With the July 1 deadline swiftly approaching, Dignity Village is finding that it is not easy moving a tent city. Of the five sites considered for purchase for a permanent site, two of them cause zoning complications.
"From doorways to zoning code rewrites," says Jack Tafari, chair of Dignity Village, "We're necessity driven so we have to learn all that crap."
Itís a big deal to make a zone change through the Office of Planning and Development Review, or OPDR. Changing an industrial zone to residential would require a comprehensive amendment change, that means $18,000 plus $4,000 for a zone map change as well as a mandatory hearing before the city. That is a whole lot of bramble when two of the five sites on Dignity's Site Matrix are zoned at least partially industrial.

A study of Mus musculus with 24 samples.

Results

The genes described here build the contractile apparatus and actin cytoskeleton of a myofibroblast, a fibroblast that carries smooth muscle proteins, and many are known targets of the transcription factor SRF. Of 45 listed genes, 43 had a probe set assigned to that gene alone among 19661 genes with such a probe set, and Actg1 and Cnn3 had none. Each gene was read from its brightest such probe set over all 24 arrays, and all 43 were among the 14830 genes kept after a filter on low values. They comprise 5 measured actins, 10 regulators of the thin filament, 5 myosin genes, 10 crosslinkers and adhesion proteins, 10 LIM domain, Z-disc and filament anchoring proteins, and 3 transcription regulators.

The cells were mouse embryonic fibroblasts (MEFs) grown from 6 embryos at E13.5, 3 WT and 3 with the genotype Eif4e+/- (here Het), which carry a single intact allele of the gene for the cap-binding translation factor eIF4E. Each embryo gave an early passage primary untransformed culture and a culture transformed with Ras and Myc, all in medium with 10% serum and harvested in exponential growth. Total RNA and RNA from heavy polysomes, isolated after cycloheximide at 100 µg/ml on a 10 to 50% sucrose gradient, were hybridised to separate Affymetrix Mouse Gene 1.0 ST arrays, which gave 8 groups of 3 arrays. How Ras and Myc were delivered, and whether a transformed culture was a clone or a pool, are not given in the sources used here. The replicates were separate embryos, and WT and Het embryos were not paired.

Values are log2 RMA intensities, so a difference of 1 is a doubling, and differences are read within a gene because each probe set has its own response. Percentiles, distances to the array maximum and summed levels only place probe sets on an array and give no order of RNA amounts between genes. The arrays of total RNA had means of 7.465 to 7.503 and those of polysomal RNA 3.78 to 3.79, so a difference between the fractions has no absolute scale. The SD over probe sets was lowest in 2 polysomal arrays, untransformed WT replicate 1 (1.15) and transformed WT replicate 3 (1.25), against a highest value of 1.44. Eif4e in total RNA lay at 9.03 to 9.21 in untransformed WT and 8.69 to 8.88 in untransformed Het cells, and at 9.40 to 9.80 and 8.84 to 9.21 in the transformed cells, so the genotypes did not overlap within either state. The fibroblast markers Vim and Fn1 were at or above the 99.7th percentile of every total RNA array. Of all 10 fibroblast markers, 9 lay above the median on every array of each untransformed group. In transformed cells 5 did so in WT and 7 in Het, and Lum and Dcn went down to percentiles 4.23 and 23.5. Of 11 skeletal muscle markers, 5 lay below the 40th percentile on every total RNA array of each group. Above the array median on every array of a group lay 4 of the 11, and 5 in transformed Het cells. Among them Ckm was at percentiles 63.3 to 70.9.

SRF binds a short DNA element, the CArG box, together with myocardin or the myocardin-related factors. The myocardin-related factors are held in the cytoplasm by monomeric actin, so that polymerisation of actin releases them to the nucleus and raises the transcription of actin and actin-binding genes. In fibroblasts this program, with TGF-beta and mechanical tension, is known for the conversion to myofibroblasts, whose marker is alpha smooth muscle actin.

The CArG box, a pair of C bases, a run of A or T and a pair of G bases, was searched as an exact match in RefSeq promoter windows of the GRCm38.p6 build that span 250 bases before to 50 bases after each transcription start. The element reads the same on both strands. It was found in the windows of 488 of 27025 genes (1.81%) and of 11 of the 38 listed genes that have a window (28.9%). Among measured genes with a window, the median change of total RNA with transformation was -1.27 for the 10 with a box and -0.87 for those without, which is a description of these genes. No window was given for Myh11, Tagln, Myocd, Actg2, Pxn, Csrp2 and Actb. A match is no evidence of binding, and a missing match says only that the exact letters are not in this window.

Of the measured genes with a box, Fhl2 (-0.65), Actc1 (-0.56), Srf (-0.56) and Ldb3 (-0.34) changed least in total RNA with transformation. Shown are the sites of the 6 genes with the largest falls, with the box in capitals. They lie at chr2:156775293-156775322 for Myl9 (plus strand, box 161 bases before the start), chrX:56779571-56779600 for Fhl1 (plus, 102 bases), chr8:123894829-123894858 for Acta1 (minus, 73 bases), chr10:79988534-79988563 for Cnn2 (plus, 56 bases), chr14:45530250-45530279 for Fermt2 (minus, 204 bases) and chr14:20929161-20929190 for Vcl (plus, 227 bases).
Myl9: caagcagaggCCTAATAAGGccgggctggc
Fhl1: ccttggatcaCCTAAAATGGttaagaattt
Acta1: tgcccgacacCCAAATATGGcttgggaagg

One of the five is already out. Dignity felt that the Greeley site in the Overlook area was ideal, set apart from the neighborhood by a high bluff. Union Pacific has decided not to sell the property to Dignity. Neighbors also had concern about the bluff, noting that it came down during the heavy rains of '94 and it's likely to do it again. A geologist confirmed this, judging that Greeley would be too prone to landslide.
The two other sites are on public land. One is close to downtown and the other along the banks of the Willamette.
Dignity plans on proposing an extension to the city for their July 1 deadline.
With community support, villagers continue to trudge through the muck of purchasing land, hoping that their efforts will one day lead to a permanent site.